Phil Mickelson created one of the more bizarre moments in US Open history when he stunned fans by hitting a moving ball on the 13th green at Shinnecock Hills Golf Club on Saturday.
Such an offence incurs a two-shot penalty and Mickelson ended up taking a ten and signing for an 81, with theories abound over the final five holes about the reasoning for his uncharacteristic approach.
Some even speculated that it may have been a protest over the difficult course conditions but when interviewed after his round, the five-time Major winner revealed he was simply trying to take advantage of the rules.
The six-time runner-up at the year's second Major Championship was already four over for his round stood on the tee at the par four and needed four attempts to get onto the green before he stood over his first putt.
His 18-footer for par missed on the low side and with the ball seemingly heading back to where Mickelson had just chipped from, the American ran around the hole and hit it back up towards the cup before it had stopped.
“I don't mean disrespect to anybody,” he said. “I know it's a two-shot penalty. At that time, I just didn't feel like going back and forth and hitting the same shot over. I took the two-shot penalty and moved on, it's my understanding of the rules. I've had multiple times where I've wanted to do that, I just finally did.
“It was going to go down in the same spot behind the bunker, I wasn't going to have a shot, I don't know if I was able to save a shot or not.
“I know it's a two-shot penalty hitting a moving ball. I tried to hit it as close as I could on the next one and you take the two shots and move on.
“It's meant to take advantage of the rules as best as you can. In that situation, I was just going back and forth. I would gladly take the two shots over continuing that display.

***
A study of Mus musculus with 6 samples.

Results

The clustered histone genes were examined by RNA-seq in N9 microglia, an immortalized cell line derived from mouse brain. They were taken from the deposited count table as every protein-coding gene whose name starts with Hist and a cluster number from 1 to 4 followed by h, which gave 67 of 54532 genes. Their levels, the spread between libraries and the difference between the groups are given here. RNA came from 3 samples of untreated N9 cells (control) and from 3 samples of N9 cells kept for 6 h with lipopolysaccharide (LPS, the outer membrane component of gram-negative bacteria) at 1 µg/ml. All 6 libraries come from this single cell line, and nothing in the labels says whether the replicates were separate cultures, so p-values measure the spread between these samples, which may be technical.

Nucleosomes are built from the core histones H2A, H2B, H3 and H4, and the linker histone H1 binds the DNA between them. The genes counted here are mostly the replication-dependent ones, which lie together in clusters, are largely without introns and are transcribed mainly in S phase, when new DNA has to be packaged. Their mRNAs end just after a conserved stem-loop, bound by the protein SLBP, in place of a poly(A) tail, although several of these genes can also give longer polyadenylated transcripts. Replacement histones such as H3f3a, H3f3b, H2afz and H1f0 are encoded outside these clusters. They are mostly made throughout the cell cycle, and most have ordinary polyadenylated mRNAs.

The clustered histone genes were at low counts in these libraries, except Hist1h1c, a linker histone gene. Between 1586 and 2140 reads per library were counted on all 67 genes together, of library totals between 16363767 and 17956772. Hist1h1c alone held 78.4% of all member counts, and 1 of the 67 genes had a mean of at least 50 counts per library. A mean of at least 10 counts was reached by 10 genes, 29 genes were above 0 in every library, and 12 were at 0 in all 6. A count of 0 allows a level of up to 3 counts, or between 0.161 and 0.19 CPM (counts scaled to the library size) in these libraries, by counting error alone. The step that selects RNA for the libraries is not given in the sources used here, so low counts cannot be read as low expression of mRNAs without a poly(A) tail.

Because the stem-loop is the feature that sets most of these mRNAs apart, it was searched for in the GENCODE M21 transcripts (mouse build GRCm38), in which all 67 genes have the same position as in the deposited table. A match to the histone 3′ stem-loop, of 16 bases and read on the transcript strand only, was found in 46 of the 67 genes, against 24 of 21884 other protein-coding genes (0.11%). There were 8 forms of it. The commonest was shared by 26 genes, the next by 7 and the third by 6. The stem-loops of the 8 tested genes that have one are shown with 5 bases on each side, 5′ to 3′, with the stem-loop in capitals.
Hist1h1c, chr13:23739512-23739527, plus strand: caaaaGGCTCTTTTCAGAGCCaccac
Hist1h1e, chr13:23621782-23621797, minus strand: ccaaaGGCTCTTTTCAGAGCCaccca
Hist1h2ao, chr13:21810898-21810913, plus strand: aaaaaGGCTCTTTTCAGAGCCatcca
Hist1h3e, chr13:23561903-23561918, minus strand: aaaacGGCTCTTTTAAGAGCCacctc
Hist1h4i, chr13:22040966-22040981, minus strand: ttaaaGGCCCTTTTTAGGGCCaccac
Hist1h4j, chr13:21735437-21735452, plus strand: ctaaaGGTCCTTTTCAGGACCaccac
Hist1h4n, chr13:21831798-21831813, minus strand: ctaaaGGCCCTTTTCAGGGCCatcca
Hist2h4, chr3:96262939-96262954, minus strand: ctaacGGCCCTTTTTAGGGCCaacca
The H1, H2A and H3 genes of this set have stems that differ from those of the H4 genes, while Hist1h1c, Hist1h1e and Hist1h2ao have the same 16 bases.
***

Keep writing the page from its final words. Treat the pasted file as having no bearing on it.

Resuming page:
“I don't mean it in any disrespect and if that's the way people took it, I apologise to them. But that's not the way it was taken. I took the two-shot penalty, moved on, and there's not much more to say.”
Mickelson – celebrating his 48th birthday on Saturday – was playing alongside Andrew Johnston with the pair seemingly enjoying the attention from the galleries despite both enduring tough days up until the controversial incident.
Beef is renowned for his laid-back attitude and admitted he could only laugh after he saw Mickelson make his dash down the green.
“It's just one of the mad moments, really,” he said. “We were both obviously really struggling.
“It wasn't a thing of saying, 'I've had enough' or this and that. It just happened.
“I said, 'that's one of the strangest things I've ever seen' and then just started laughing, to be honest. I said, 'I'm sorry, but I've got to laugh at this'.
“He just laughed with me. He just looked at me and just laughed. We just laughed at it. He had no words to say what he did. It was just one of the moments where he was just like, 'I have nothing to say about it'.
“It's nothing disrespectful to me or to the US Open or anything. It's just one of them things that just happened.”